App ‘an awesome thing to be part of’

Otago Polytechnic bachelor of information technology student Samantha Watson displays a new app...
Otago Polytechnic bachelor of information technology student Samantha Watson displays a new app she helped create, which helps young people return to life outside hospital after having cancer treatment. Photo: Peter McIntosh
Imagine a mobile phone app that acts like a passport, allowing young people with cancer to access their treatment information from anywhere in the world.

Thanks to Otago Polytechnic students, it is almost here.

The AYA Rangatahi Uruwhenua Passport app was on display in Dunedin on Saturday, as part of TEXpo — a showcase of local innovative tech research, products and technology industries — held at Otago Polytechnic and the University of Otago Business School.

The app contains personal health information, cancer diagnosis, treatment information, follow-up guidelines, information about potential late effects of treatment, tips for healthy living, and contact details for treatment team members and the Adolescent and Young Adult Cancer Service.

Otago Polytechnic College of Art, Design and Architecture senior lecturer Martin Kean said the app would be most useful for adolescents and young adults who had finished cancer treatment, and perhaps wanted to travel overseas.

It aimed to help them transition to life outside hospital, he said.

"This app allows them to keep track of their health information and it keeps them in touch with health professionals wherever they are in the world."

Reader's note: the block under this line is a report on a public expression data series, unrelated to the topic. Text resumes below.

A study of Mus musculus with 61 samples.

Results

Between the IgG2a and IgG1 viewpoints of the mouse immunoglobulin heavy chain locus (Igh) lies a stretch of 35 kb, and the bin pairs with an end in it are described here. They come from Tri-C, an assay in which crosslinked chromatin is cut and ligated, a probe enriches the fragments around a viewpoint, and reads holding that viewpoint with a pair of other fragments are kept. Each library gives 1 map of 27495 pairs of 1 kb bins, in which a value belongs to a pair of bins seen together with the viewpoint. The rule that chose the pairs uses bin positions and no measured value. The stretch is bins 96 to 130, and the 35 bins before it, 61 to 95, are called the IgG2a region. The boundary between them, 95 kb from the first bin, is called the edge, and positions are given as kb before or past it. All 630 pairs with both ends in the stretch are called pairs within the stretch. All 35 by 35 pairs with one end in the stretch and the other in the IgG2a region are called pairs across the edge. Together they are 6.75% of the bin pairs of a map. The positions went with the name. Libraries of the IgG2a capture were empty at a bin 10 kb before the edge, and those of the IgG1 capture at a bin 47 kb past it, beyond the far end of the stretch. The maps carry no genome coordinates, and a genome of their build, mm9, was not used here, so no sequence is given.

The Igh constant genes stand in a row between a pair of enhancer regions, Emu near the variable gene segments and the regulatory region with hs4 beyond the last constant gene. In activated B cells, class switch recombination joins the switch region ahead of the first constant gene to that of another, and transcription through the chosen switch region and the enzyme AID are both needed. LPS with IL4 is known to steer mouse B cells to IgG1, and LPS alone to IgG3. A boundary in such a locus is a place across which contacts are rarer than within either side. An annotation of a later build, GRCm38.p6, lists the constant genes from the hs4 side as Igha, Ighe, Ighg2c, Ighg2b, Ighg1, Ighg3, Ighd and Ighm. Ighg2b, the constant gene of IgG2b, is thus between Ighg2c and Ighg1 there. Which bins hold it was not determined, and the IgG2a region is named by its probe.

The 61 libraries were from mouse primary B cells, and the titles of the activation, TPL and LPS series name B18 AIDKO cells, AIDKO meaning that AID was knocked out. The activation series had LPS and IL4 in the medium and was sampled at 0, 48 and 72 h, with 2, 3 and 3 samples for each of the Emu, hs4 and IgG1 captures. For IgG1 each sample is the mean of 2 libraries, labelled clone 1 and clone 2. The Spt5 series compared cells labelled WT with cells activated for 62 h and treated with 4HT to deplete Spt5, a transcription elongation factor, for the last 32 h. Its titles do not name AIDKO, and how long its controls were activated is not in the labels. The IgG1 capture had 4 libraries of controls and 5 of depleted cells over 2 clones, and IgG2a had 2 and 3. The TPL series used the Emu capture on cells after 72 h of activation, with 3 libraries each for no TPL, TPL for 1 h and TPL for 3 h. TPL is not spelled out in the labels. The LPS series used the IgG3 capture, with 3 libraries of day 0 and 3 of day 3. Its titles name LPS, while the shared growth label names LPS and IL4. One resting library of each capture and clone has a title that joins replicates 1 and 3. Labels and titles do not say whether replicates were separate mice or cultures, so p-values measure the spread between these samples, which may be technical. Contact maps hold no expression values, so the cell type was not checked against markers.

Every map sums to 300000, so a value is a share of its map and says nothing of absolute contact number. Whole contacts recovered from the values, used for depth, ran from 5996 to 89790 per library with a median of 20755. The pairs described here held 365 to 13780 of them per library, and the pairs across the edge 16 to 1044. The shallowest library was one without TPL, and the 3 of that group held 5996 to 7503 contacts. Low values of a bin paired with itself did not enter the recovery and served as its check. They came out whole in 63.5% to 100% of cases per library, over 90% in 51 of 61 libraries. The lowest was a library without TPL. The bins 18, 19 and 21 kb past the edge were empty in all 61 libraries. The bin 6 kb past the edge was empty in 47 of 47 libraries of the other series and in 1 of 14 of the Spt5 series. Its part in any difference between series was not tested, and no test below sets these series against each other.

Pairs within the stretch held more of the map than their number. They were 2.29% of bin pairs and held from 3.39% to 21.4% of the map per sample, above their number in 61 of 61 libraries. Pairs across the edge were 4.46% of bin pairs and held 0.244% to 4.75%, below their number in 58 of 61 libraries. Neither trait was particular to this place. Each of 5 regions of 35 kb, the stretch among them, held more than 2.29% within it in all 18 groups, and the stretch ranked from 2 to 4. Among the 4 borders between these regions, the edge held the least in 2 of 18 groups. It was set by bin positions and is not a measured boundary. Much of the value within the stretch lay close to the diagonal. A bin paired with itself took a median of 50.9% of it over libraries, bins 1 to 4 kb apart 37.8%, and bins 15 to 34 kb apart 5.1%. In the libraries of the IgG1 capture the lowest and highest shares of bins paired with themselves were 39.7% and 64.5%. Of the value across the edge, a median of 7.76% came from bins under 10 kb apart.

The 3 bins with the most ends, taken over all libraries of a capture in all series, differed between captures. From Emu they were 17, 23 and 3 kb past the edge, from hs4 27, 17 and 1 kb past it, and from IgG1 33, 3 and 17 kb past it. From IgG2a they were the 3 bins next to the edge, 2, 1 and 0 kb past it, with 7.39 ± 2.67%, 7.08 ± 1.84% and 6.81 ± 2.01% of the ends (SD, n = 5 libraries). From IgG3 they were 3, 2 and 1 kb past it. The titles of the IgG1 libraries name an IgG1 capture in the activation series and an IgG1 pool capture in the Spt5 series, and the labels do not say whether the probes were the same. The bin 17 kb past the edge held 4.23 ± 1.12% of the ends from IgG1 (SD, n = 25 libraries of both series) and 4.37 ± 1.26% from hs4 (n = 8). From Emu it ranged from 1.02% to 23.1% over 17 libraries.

Research and development on the passport app began when the Southern District Health Board approached the polytech for help to develop an app to meet a need identified by adolescents and young adults (AYA) living with cancer.

He said a team of Otago Polytechnic bachelor of design (communication) students created initial screen designs in the first half of 2017, and then bachelor of information technology students used those to build an Android app.

The app on display at the weekend was a working prototype and was yet to be developed to its full capacity, he said.

The final stages of development would include adding password protection.

"Our students have great experiences working on projects that benefit our local communities by prototyping innovative solutions to design problem opportunities.

"But it’s more than that. They get to see what it’s like to be making a living as a designer," he said.

Otago Polytechnic bachelor of information technology student Samantha Watson was one of six students who worked on the app.

"It’s an awesome thing to be part of.

"Kids with cancer is a pretty sucky thing, so having something they can use to store information about their condition and keep track of it is great.

"Making it digital rather than having it on a piece of paper makes it so much more accessible to young people and it’s something they won’t lose."

TEXpo was the last event of Dunedin Techweek 2018.